The Song of Changgan / 长干行

I recently did a translation! Bits and pieces of The Song of Changgan / 长干行, by Li Bai (李白)  will appear in Catwoman #37. It’s totally awesome. Thanks to Genevieve for letting me translate, and everyone for buying a copy of Catwoman.

Li Bai (also known as Li Po, don’t panic) was bffs with Du Fu and between the two of them, they wrote basically all the Tang Dynasty (618-907AD) poems you know. About two and a half thousand poems have been attributed between the two of them, so it’s totally okay if you’ve never heard of this one. Wikipedia tells me that “Legend holds that Li drowned when he reached from his boat to grasp the moon’s reflection in the water,” and whether or not that’s true that’s literally the most 盛唐 thing ever.

You can find a preview of this issue over at The Mary Sue; but do yourself a solid and pick it up, because it’s so pretty and I tell you with authority that if you have the same tastes as me, you’re going to love this Catwoman, and this Selina. (I do)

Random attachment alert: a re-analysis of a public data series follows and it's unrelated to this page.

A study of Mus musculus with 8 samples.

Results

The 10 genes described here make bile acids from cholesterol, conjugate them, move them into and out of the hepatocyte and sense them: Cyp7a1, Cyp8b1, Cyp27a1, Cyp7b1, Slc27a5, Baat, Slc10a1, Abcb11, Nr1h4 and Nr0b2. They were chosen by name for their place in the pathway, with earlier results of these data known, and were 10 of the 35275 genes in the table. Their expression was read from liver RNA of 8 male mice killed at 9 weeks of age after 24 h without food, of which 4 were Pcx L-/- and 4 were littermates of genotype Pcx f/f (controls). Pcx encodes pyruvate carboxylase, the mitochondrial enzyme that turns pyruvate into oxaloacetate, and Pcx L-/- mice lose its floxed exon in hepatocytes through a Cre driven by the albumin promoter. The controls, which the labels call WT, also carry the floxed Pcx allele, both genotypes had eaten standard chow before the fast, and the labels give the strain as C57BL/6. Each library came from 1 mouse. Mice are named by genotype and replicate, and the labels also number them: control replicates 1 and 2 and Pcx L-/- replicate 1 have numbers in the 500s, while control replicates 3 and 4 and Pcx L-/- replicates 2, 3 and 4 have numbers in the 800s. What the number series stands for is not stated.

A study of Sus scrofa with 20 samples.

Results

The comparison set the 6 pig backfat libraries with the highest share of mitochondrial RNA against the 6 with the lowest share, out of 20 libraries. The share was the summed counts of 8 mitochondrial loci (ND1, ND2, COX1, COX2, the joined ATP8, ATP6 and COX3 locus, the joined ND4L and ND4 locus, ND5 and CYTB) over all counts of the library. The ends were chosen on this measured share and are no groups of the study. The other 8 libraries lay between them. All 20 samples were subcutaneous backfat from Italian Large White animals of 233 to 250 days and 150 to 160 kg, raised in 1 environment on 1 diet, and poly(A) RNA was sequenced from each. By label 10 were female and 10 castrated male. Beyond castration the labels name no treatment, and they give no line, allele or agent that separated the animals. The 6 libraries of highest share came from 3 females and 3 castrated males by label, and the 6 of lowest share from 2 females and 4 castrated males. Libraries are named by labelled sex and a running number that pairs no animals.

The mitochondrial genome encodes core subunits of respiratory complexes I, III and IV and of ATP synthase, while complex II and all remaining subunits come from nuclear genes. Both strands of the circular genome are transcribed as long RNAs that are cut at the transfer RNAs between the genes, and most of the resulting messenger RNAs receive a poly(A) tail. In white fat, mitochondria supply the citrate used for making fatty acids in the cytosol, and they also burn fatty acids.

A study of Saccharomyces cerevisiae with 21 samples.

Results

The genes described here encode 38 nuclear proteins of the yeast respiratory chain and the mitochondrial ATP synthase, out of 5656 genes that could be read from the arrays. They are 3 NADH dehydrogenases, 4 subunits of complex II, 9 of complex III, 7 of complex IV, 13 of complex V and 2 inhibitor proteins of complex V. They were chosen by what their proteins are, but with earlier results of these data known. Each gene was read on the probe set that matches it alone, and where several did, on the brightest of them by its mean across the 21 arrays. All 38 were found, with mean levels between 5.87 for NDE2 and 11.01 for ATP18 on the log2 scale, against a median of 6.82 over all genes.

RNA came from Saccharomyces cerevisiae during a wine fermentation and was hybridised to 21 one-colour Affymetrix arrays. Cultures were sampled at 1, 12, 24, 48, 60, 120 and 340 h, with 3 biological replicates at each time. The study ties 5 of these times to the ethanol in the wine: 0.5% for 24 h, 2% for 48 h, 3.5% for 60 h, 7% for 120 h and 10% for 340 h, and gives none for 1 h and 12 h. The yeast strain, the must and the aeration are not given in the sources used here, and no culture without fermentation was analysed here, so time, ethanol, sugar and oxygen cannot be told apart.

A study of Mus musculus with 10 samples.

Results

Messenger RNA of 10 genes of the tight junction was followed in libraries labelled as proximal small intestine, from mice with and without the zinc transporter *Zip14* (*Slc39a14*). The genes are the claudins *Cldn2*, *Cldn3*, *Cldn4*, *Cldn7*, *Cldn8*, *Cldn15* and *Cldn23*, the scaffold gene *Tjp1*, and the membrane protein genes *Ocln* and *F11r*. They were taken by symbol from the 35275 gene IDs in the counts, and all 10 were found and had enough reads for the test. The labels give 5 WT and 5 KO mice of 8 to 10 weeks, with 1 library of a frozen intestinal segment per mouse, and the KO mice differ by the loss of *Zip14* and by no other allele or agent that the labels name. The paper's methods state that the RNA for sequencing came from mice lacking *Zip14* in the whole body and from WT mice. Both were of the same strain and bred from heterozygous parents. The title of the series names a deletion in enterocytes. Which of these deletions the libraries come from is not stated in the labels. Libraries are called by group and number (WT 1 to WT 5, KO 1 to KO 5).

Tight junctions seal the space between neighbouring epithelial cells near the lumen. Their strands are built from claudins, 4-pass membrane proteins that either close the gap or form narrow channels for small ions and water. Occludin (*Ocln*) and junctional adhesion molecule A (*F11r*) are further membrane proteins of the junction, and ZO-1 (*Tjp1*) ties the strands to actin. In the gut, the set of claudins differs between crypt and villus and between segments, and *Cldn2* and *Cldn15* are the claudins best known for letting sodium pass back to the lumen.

My hair cut straight across my forehead.
I picked flowers, played by the gate.
You came riding on a horse of bamboo,
Around the blue bench, playing with the green plums.
We lived together in Changgan,
The two of us young and without suspicion.
At 14, I was your wife, my shy face not yet open.
I gave in towards the gloomy wall.
Though you called and called, I did not reply.
At 15 I began to smile; I wished our ashes and dirt to be together.
Cherishing, I carried around the words you sent,
I climb the pillar to see you.
At 16, you journeyed far from home,
Through Qutang Gorge and the rapids of Yu.
By May, I wasn’t able to feel;
I heard the sounds of despair.
In front of the door are the footsteps of your delayed departure,
Little by little, the mould grew up and over them.
The moss was thick, it couldn’t be swept away;
The dead leaves of autumn blew in the morning.
In August, the butterflies fell, yellow;
Flew West in pairs to the gardens where grass grows.
The emotions injure me;
Sit and worry about your beautiful old wife.
Sooner or later you will descend through Sanba;
Before then, send a letter home.
We will meet one another, no matter the distance,
All the way to Changfengsha.


 Later: maybe I’ll talk about the process of translating on commission for a comic house.